To begin our survey of the great Olly Oakley here is the obituary printed just after his death in the BMG of February 1943. Its author, the then editor A.P. Sharpe, is widely known as an important biographer of banjoists and commentator of banjo-related matters. However, his writing is not free from inaccuracies and omissions. Two such points in the Oakley obituary require immediate clarification.

Firstly, near the end of the obituary Sharpe claims that Oakley’s last recordings made for the Parlophone company in 1930 were his only electrical recordings. This is not so! Anyone who has heard them will realise that the six Regal recordings of June 15th 1927 - serial numbers: G-6202-R, G-6303-R and G-6743-R - were also made using an electric microphone (the R refers to the fact that they were remakes of Oakley’s earlier Regal recordings from 1913). Similarly, the 8" record of Rugby Parade and Fun on the Wabash recorded on October 3rd 1927 was also electrically recorded – and even says so on the Broadcast label.

The second inaccuracy concerns nothing less than Oakley’s date of birth. A.P. Sharpe is assumed to be authoritative when he declares it to be November 26th 1877. However, the birth certificate of Joseph Sharpe clearly states November 24th 1876. This is further corroborated by an entry in the 1881 Census (carried out at the start of that year) detailing the existence of a four-year old Joseph Sharpe living in Bromsgrove. No three-year old of the same name is known from the Birmingham area in 1881. I am much indebted to Tony Peabody for locating this information.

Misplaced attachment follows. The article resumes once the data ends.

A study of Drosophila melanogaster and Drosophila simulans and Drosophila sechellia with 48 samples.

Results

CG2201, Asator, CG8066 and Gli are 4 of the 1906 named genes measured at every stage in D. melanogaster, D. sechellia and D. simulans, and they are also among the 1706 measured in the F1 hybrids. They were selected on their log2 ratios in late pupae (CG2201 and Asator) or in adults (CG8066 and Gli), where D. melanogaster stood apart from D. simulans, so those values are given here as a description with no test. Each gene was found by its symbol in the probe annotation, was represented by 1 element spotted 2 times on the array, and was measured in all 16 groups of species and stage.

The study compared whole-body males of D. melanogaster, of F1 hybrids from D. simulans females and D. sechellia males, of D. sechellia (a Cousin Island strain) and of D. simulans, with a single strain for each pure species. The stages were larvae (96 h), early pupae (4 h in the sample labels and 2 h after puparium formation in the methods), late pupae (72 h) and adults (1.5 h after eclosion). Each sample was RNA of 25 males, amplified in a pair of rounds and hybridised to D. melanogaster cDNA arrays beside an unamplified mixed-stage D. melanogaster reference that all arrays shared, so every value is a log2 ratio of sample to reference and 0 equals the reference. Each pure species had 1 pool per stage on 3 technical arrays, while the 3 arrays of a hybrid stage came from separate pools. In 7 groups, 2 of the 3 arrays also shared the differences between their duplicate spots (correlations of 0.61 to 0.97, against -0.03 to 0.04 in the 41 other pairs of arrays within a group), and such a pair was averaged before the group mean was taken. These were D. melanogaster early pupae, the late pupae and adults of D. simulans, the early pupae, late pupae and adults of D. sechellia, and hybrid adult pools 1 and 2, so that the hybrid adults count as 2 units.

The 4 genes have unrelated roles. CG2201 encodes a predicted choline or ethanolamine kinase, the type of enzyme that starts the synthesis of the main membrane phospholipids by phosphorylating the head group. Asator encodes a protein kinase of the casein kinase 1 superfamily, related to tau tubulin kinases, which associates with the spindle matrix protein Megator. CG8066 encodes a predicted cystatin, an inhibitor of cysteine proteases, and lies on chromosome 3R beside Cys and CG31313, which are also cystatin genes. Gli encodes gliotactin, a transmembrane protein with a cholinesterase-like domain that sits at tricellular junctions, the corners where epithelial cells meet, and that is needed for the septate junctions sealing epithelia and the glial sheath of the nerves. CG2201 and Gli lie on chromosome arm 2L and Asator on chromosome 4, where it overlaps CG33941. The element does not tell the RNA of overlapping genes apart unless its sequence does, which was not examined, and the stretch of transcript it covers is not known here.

In discussing Oakley and the biographer A.P. Sharpe one important point should be clarified. Although Oakley’s original name was Sharpe he was no relation of A.P. Sharpe, his biographer. The two men were, however, friends and it is interesting to speculate how such a major biographical blunder as a mistake in the year of birth might have occurred. We are reminded of another great Sagittarian music-maker, Ludwig van Beethoven who spent much of his life convinced that he was born in 1772 in spite of firm evidence pointing to 1770. Also, like Oakley, Beethoven tried to change his name, although his more subtle alteration of ‘van’ into ‘von’, an attempt to create an aristocratic image, seems more suspect than the honest choice made by our zither-banjo hero.